More than six months after design work was halted on its signature cable-stayed main spans, construction of the new Harbor Bridge in Corpus Christi, Texas, has pressed ahead, even as uncertainties shroud its ultimate cost and completion schedule.

The Texas Dept. of Transportation paused design work on the nearly $803 million project in November 2019 amid concerns about engineer-of-record FIGG Bridge Engineers’ role in the March 2018 collapse of a pedestrian bridge at Florida International University. TxDOT subsequently asked the Flatiron/Dragados design-build joint venture to find a new design firm for the 1,661-ft-long center spans, a process that the contractor says is still ongoing. A Flatiron/Dragados spokesperson confirms that FIGG remains involved with the 6.4-mile long project’s approach and roadworks packages.

Although construction was underway for nearly two years when the design shake-up occurred, the original 2021 completion date already had been extended by two years, the result, Flatiron/Dragados says, of “weather, local, state, and federal permitting processes/requirements and other unforeseen circumstances.” The contractor provided no estimate regarding how a design review or redesign might affect project cost or schedule once a new engineer is in place, though no major changes are anticipated.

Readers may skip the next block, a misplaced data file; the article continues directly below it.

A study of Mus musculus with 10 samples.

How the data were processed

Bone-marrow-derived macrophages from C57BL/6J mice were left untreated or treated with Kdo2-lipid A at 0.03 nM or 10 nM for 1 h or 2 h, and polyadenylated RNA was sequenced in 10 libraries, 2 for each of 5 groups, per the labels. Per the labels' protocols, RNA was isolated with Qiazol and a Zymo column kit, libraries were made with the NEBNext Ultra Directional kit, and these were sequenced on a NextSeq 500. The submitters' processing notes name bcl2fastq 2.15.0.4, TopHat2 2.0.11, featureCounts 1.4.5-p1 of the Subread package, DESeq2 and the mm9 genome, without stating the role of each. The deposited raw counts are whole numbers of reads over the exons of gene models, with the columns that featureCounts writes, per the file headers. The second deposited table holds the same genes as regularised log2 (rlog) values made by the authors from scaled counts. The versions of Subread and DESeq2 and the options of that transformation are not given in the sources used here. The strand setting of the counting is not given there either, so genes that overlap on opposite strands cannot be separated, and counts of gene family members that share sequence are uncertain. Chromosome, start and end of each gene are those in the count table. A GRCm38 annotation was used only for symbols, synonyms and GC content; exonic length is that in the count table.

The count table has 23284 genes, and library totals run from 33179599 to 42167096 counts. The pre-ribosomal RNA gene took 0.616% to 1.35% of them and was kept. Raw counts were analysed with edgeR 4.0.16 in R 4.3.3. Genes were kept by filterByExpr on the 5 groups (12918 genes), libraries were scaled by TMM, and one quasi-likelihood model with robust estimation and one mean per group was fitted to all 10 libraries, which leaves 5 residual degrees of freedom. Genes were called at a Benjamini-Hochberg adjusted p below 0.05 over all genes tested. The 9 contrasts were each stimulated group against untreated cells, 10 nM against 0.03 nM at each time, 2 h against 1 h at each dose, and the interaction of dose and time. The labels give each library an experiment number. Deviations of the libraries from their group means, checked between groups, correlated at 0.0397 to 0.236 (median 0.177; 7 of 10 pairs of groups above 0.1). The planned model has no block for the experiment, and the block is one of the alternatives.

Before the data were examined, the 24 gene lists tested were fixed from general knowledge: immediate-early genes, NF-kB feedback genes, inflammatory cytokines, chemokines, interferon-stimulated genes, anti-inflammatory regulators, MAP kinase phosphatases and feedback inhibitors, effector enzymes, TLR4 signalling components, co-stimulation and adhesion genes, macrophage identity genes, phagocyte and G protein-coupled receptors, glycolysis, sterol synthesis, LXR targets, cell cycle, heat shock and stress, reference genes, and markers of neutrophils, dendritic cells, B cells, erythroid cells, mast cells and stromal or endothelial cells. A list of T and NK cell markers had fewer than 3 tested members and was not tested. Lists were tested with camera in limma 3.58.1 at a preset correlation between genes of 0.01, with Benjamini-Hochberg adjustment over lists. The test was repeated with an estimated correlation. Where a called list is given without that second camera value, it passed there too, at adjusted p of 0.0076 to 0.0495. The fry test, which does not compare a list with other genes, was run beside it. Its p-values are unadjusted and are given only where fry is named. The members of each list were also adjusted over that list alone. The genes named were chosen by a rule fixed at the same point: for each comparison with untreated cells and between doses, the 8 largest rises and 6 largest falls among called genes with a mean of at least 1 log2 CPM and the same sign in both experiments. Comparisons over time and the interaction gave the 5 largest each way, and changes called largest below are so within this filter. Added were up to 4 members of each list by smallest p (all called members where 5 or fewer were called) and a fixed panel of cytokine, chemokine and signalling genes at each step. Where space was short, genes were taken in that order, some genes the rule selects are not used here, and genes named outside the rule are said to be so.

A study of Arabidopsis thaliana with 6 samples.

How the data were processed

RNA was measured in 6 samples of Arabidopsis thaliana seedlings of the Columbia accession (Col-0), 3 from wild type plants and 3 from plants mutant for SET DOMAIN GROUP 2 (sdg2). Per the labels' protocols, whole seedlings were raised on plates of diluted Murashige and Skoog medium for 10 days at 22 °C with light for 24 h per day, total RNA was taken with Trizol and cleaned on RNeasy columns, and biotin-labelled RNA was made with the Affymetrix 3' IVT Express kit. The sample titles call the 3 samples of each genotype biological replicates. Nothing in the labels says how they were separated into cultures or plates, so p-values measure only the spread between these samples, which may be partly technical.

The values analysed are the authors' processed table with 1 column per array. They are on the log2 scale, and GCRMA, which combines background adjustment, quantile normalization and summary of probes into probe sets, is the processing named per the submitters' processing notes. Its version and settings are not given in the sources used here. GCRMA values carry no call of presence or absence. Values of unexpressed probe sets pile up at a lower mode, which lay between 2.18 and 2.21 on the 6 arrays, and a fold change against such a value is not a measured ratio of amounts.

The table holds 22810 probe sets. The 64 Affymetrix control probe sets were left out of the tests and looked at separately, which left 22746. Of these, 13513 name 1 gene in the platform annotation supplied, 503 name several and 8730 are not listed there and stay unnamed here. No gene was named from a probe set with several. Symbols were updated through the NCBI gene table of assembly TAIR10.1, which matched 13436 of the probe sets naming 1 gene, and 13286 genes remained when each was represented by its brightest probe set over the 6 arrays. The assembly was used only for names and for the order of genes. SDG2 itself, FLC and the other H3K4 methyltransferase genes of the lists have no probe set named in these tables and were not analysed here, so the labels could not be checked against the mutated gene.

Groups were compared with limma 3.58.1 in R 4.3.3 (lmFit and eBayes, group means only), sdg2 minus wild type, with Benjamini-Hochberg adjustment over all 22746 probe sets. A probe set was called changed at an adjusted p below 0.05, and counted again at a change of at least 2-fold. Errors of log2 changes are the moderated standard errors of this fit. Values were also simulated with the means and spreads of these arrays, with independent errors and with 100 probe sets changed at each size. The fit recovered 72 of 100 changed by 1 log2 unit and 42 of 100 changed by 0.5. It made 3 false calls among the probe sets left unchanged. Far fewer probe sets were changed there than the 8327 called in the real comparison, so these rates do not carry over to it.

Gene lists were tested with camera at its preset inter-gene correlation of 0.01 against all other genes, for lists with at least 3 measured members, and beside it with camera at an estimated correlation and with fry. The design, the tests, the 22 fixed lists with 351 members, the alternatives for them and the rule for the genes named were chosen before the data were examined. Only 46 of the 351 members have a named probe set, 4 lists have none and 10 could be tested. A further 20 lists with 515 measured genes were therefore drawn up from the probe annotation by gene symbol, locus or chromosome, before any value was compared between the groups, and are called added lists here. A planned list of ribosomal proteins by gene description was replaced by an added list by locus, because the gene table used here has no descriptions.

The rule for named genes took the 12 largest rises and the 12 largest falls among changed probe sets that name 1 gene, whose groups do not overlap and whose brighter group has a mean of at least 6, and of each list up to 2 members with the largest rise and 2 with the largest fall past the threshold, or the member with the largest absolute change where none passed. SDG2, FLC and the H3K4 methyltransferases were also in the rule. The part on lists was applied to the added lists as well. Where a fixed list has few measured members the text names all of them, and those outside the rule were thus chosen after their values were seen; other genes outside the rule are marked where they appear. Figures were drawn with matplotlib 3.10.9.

Envisioned as the longest cable-stayed bridge in the U.S., the six-lane structure’s center section will provide more than 200 ft of clearance above the Corpus Christi ship channel, allowing passage for larger commercial and military vessels. The crossing’s existing 60-year old through-arch structure will be demolished upon completion of the new bridge.

Meanwhile, Flatiron/Dragados reports progress on other project elements, including drainage, roadway and overpass construction, and reconstruction of a major new interchange at the nearby junction of Interstate 37, U.S. Route 181 and State Highway 286. More than 60% of the 2,651 total bridge segments have been cast and delivered to the project site. Following completion of the north approach this summer, the gantry crane used for installing the segments will be dismantled and relocated to the south approach.

Flatiron/Dragados has also stepped up its health and safety protocols to protect workers from COVID-19, including PPE gear, employee temperature monitoring and mandatory facial coverings at all times.